When Brian Streeter, senior director of athletics at Penn State Behrend, arrived at the college in 1997, the athletics program consisted of 10 teams and one facility, Erie Hall.
Today, Behrend boasts 24 teams. Erie Hall is about to be demolished, making room for a new $28.2 million fitness and recreation center. Streeter often finds himself using a golf cart to travel to the fields and facilities on campus, from Junker Center and a soccer-lacrosse stadium to an eight-lane competition track, ball fields and tennis courts. In those facilities and on those fields, he has been the driving force behind nearly a quarter-century of athletics at Behrend
Streeter was an easy choice for the Erie Sports Hall of Fame. The honor was a long time coming, mostly because he kept declining and nominating others for the spots he was offered.
Streeter, a New York native, first worked in sports as the head basketball coach at Hobart and William Smith colleges. He misses pacing the hardwood, but he never really stopped leading a team.
“I coach now,” he said. “My coaches are my team.”
Most head coaches move on every five years. Athletic directors rarely stay more than seven. Streeter and his coaches are rare in that regard: He can count on one hand the head coaches who have left Behrend in the past 23 years.
That consistency has proven to be an advantage for the college’s student-athletes, who excel both on the field and in the classroom.
“We always refer to our players as student-athletes, because they are students first,” Streeter said. “We are a Division III school, which means academics come first. We absolutely understand that.”
Athletics are an important component of those students’ University experience, however, and Streeter is quick to note the support from college leadership and faculty members.
“The crux of the growth here,” he said, “is the strong working relationship between athletics and the rest of the college, and a mutual respect for academics and athletics.”
Those relationships, Streeter says, are built on communication.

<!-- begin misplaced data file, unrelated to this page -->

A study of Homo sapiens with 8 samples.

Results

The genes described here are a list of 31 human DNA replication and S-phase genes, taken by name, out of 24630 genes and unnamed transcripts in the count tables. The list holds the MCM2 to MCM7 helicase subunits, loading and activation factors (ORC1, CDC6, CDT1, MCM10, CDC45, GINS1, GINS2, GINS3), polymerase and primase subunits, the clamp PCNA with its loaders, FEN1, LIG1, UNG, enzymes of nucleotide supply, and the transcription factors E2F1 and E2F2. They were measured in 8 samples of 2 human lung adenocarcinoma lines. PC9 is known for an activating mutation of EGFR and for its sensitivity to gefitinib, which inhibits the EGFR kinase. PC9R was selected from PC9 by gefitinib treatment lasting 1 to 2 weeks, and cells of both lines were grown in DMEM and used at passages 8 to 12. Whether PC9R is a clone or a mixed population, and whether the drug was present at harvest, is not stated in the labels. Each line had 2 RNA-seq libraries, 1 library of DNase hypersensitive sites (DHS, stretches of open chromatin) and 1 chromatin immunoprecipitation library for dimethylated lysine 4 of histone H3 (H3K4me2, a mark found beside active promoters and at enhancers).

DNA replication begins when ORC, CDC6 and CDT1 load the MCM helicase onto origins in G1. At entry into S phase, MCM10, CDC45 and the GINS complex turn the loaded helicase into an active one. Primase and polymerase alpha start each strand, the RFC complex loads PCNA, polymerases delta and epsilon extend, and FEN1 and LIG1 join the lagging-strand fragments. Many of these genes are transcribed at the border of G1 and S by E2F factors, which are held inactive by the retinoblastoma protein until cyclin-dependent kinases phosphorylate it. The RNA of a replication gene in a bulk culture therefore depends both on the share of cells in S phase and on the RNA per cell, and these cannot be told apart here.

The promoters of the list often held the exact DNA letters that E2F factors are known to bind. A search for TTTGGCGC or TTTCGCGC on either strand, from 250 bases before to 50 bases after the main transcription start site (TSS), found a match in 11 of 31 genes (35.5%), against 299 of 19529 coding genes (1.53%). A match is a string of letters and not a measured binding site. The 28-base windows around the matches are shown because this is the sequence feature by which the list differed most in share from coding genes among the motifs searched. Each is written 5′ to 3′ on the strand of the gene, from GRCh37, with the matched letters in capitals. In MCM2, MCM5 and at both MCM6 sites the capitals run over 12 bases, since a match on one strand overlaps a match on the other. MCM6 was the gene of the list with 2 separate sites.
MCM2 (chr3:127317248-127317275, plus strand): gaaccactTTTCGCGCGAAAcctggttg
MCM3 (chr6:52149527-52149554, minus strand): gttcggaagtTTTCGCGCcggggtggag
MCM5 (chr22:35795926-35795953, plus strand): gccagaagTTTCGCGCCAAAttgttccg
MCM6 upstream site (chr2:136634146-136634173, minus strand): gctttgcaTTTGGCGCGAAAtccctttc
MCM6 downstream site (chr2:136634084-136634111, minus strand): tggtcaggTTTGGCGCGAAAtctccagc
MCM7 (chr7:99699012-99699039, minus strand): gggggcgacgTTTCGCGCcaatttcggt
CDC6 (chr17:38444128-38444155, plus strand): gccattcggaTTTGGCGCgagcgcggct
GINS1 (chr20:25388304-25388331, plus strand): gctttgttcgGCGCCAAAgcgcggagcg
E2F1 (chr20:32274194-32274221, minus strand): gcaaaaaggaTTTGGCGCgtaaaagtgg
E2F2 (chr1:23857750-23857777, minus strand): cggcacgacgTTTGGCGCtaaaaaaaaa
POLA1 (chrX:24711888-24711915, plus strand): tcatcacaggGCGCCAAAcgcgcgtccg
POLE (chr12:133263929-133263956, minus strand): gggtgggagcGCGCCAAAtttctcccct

“I have 35 people in my department, with very different personalities,” he said. “We have to be able to talk to and try to understand one another, even if the best we can do is agree to disagree.”
That strategy extends to his department’s interactions with faculty, including Chuck Brown, associate professor of accounting and the Faculty Athletics Representative at Behrend for more than 10 years.
“I’m sort of a firefighter,” Streeter said. “As soon as there is any sort of problem, I want to address it. I want to do it face-to-face, so that little problems don’t explode. Let’s get together in a room and figure it out.”
Streeter can empathize with nearly anyone he works with because he wears so many hats himself.
“There is not a job here in athletics that I haven’t done, so I can understand almost any problem and do my best to help with it,” he said. “If a team is losing a lot, for example, I know that nobody is taking that harder than the coach. You don’t give up on them. You let them know that they have your full support, win or lose.”
Streeter also makes time to meet with Behrend’s student-athletes. He started the Student Advisory Committee in order to hear directly from students.
“Each sport elects one person to be on the committee,” he said. “It’s not necessarily the captains, but someone who is a leader on the team. It’s enlightening to be part of it. Student involvement really keeps me going.”
That approach has encouraged a spirit of mutual support, which extends to teams rooting for one another.
“Every team has a buddy team, and they are expected to attend one another’s games,” Streeter said. “It’s worked so well that we now have double buddies. Every team has two other teams they cheer on.
“I know we ask a lot of our student-athletes, but they love sports, and they can give time to support one another.”
Volunteerism is another key piece of Streeter’s approach. Every Behrend team contributes some form of service. Streeter, a 35-year board member of the American Red Cross and a longtime supporter of Special Olympics, doesn’t seek attention for that work, however. He wants student-athletes to experience for themselves the benefits that come from helping others.
“We don’t need or want recognition for those projects,” he said. “We help others because it’s the right thing to do. It’s about stepping outside yourself and helping others achieve success.”